Government debt-to-GDP rose from 5% in 2014 to 41% at the end of 2017, according to governor Tahir Al Amri
Oman has the means to maintain its currency peg and has no plans to change it even though the decline in oil prices has hurt its finances, central bank Governor Tahir Al Amri said.
Oman’s gross foreign currency reserves, which stood at $19.6 billion at the end of January, are enough to cover nearly nine months’ worth of imports, Al Amri said in an interview Tuesday at his office in the capital, Muscat. Oil remains the country’s biggest export, and most of the country’s revenue is in US dollars, he added.
“We are strongly behind the peg” despite pressures, Al Amri said. “We will try and make sure that we have ways and means of defending our fixed exchange-rate policy.”
The finances of the Middle East’s biggest non-OPEC oil producer, like those of others in the six-nation Gulf Cooperation Council, were battered after the plunge in crude prices beginning in 2014. With income from exports falling sharply and the budget gap widening, the country borrowed heavily to finance imports and cover the sizable outflows from foreign worker remittances.
As a result, government debt-to-GDP went from 5 percent in 2014 to 41 percent at the end of 2017, according to Al Amri.
To help offset the revenue shortfall, the sultanate raised corporate tax to 15 percent from 12 percent, increased fees on items such as passports, and lowered fuel and electricity subsidies. Taking advantage of attractive interest rates, Oman raised $6.5 billion in eurobonds in January, its biggest sale on record. The country plans to impose value-added taxes next year, the governor said.
Oman, which holds a strategically important position at the mouth of the Persian Gulf, has pursued independent polices that sometimes put it at odds with other GCC states, such as its good relations with Iran and Qatar. Its neutrality has made it appealing as a facilitator, and it played a crucial role in bringing the U.S. and Iran into talks over the Islamic Republic’s nuclear program.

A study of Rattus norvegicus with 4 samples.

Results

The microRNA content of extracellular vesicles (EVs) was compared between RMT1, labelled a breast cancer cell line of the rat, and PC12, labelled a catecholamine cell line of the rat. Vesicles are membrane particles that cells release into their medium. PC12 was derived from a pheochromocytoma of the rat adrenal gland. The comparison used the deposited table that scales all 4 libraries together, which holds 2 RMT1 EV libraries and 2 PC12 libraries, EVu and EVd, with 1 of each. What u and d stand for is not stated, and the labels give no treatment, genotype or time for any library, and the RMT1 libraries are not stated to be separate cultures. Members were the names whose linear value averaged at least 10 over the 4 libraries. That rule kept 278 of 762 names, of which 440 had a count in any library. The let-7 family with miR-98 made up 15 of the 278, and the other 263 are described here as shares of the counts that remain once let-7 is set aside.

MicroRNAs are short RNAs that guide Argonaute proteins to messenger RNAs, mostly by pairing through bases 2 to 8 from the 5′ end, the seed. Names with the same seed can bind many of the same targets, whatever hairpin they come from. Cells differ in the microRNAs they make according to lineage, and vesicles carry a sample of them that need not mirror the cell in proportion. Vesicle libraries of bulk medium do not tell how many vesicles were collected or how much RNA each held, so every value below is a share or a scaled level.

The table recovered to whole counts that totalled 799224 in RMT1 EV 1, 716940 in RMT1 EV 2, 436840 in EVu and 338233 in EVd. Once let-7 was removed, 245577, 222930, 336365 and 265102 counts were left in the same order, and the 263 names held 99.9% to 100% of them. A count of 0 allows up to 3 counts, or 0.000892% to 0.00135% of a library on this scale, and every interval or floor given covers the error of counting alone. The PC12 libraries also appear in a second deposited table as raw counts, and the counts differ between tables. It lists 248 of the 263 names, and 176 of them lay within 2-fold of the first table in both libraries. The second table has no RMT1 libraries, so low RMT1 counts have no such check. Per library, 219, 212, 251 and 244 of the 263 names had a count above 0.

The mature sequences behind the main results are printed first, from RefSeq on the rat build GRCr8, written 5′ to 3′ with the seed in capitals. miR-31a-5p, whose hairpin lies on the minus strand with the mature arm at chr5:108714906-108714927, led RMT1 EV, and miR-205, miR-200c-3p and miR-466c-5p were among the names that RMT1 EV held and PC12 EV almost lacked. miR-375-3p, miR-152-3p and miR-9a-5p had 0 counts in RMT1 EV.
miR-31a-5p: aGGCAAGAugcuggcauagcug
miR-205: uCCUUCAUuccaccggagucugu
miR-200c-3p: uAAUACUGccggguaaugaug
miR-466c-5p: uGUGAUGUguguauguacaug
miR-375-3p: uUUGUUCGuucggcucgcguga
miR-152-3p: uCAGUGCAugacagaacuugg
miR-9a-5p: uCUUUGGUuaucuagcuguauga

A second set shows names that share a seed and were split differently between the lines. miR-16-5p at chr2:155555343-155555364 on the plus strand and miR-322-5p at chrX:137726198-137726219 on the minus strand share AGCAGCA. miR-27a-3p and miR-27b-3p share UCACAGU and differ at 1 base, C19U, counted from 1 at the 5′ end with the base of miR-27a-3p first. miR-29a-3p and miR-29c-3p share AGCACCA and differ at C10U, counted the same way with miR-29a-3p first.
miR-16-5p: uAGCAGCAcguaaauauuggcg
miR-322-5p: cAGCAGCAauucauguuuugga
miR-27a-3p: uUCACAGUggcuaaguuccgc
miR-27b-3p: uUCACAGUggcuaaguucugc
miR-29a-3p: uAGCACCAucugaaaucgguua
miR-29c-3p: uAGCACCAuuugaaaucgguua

The government is trying to make the business environment in Oman more attractive to both locals and foreigners, Al Amri said. New commercial companies and investment laws are in the pipeline, and other legislation, such as a bankruptcy law, are under discussion. The central bank recently expanded banks’ abilities to extend credit to the private sector. “There are a lot of initiatives to curtail red tape,” he said.
Oman didn’t scale back infrastructure projects already under way because it thinks they’ll have a positive impact on the economy, the government said in its bond prospectus in January.
Al Amri said Oman can secure enough funding to cover its external financing needs this year. Bloomberg Economics estimates these at $11.5 billion, made up of a $10 billion current-account deficit and $1.5 billion of debt maturing this year. In 2019, it may continue to draw down on the country’s sovereign wealth fund as a last resort, he said.
Al Amri said Oman is also in discussions with major international strategic partners to explore ways to deepen financial and commercial transactions. He didn’t identify those countries but said they were outside the Gulf.
Real GDP growth for 2018 is expected to be at least 3 percent, according to the budget, which was based on an oil price of $50, he said. Only a small amount of a $10 billion 2011 grant offered by Saudi Arabia, the UAE and Kuwait has been used to finance a few projects, Al Amri said.
“We need to work hard to accelerate the diversification measures. We need to make sure we start doing things differently,” he said. “We are not worried that is not going to happen.”